Posted by Kate Seat on 3/3/16 11:30 PM
Topics: college store customer service, retail management, student employees

As an active member of the retail industry, you've probably heard the phrase "the customer is always right" more times than you can count. Would it surprise you to learn that that famous quote, often attributed to Marshall Field, was originally "assume that the customer is right until it is plain beyond all question he is not?" In reality, it isn't practical to defer to customers 100 percent of the time, so making sure that your employees have the confidence to trust their own judgement can go a long way toward improving the service they provide. Here are three practical ways to empower your staff, drawn from a post written by Laura Macleod for Independent Retailer.

The foundation for most customer service training is: the customer is always right. So the employee must serve the customer with a bright smile, no matter what. This picture of the customer/employee relationship is not only inaccurate, as nobody is always right, it is also misleading. Customers don’t hold all the power and the employee is much more than a servant.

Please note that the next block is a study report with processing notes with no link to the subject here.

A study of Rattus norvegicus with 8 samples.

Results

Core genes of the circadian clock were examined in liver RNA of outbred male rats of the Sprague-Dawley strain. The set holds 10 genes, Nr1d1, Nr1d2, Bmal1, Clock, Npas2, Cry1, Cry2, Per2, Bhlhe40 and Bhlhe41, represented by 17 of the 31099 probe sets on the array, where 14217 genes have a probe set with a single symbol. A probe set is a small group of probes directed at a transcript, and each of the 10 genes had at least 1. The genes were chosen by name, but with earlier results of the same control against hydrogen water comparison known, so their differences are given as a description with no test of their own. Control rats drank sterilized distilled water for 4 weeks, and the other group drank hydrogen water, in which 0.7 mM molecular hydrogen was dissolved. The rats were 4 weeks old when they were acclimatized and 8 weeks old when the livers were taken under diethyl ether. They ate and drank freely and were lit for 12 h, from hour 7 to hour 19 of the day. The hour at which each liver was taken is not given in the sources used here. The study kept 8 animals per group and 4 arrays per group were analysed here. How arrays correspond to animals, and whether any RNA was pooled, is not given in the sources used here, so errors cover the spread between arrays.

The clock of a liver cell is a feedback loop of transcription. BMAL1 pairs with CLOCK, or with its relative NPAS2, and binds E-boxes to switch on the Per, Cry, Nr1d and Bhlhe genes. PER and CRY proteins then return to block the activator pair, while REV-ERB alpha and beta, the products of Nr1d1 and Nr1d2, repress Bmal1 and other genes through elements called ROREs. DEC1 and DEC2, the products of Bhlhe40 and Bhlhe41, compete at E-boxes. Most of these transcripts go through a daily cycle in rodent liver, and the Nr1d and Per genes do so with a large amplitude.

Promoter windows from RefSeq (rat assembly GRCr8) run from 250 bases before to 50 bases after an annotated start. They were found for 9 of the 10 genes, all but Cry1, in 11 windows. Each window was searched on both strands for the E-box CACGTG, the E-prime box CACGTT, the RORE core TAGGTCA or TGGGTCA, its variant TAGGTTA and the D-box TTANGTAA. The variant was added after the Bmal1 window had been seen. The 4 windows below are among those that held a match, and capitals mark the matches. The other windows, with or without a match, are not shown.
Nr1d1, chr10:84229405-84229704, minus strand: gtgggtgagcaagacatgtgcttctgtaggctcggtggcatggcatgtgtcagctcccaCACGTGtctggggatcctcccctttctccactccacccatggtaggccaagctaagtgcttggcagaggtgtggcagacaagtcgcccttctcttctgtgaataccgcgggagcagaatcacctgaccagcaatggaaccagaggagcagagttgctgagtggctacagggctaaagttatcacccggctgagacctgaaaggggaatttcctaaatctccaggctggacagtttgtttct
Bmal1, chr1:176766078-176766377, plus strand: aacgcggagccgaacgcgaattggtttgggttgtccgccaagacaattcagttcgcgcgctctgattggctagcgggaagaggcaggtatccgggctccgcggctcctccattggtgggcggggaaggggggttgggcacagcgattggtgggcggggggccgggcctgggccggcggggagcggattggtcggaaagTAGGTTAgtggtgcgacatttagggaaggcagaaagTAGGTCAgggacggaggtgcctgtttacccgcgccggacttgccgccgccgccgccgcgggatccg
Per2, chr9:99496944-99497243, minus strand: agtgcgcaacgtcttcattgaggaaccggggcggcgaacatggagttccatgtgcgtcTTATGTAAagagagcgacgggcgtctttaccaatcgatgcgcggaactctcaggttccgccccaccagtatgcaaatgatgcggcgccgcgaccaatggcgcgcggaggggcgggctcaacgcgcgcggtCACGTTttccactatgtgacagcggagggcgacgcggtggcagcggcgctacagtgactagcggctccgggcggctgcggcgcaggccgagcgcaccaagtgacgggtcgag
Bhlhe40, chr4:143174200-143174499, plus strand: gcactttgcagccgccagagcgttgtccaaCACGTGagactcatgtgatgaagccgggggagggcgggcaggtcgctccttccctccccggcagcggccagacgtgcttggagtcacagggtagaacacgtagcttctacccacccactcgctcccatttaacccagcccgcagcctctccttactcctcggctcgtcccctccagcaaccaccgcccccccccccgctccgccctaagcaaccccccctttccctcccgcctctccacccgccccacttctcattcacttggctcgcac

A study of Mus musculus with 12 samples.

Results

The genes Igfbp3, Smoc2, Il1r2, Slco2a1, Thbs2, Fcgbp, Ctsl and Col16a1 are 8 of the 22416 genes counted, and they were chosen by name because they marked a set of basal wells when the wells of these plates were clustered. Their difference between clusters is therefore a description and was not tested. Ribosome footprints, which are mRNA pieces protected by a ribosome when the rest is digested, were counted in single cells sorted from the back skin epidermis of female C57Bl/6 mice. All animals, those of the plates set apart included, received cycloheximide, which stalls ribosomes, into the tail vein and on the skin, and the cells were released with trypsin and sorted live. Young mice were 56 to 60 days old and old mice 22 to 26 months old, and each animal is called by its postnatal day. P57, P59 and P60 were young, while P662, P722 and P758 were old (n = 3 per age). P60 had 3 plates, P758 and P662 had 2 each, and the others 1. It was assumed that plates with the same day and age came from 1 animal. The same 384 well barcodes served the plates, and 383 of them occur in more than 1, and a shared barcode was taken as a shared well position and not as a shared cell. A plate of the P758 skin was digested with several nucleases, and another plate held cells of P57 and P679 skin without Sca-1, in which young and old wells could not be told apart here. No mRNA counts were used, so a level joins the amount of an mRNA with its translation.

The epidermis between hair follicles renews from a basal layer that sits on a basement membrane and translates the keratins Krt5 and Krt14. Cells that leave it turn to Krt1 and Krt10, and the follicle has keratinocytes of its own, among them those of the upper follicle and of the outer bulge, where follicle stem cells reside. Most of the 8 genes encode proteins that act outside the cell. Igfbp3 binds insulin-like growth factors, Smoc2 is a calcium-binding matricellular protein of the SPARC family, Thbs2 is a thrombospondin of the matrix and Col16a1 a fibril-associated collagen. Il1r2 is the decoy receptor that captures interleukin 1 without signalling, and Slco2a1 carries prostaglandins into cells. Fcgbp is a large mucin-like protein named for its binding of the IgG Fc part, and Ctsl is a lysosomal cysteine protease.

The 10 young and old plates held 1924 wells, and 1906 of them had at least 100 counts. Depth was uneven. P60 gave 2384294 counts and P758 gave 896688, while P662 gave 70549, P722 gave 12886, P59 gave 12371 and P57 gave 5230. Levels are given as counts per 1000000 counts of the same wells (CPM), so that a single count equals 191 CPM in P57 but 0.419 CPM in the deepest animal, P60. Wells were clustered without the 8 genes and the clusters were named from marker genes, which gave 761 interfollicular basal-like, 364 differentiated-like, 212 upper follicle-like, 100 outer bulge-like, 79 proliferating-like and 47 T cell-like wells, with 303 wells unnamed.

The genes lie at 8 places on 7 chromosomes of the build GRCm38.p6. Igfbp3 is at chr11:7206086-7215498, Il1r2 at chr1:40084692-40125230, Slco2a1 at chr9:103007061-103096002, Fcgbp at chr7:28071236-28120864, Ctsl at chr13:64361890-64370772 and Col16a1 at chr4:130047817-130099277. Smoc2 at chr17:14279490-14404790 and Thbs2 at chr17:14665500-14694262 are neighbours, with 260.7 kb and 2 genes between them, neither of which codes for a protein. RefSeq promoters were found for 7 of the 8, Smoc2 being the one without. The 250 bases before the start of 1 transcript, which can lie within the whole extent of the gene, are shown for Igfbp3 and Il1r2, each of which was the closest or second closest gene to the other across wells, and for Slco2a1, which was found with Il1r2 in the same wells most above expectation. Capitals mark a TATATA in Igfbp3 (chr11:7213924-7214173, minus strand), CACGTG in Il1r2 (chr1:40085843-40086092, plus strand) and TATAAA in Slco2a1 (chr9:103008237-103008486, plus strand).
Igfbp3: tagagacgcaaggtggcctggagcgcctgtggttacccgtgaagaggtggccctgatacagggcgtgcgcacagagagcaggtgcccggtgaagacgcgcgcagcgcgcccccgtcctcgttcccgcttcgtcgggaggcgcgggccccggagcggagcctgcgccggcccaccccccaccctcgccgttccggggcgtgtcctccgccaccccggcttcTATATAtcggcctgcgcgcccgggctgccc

If you change the power dynamic between customer and employee, can you still please the customer? The answer is YES. Changing the focus and goal of customer service training is key to the success of any company. Here are a few tips on how to successfully go about this:

shutterstock_381582211Use Personality

Employees need to use their personalities to make sales. Customers want to interact with an authentic human, not an actor or robot reading from a script. Workers should be encouraged to use humor, empathy, and common sense, all of which will ultimately show who they are. Personality needs to shine through the sales and promotional scripting.

Problem Solve

What happens when there’s a problem? Workers need to know how to work through difficult situations with customers. They must get the facts and identify the problem, demonstrate empathy, then work through possible solutions. Instead of immediately being passed on to a manager, this methodical approach calms and reassures the customer that the issue will be resolved and that the employee is empowered to help them.

Get Help

Even empowered employees need to know where and how to get help from management when it is really needed. Sometimes customers are unruly, and even the most skilled worker can’t please them. Workers need to know how to effectively bring in the manager. The manager needs to be accessible and graciously step in to handle difficult situations. This back up is crucial to employee confidence and performance.

How do you empower your employees? Let us know what methods you use in the comments!

About Kate Seat

Kate Seat is a former copywriter at MBS. When away from work, she’s either creating one-of-a-kind art dolls, reading or watching way too much tv with her husband, daughter and an irritable chinchilla named Klaus.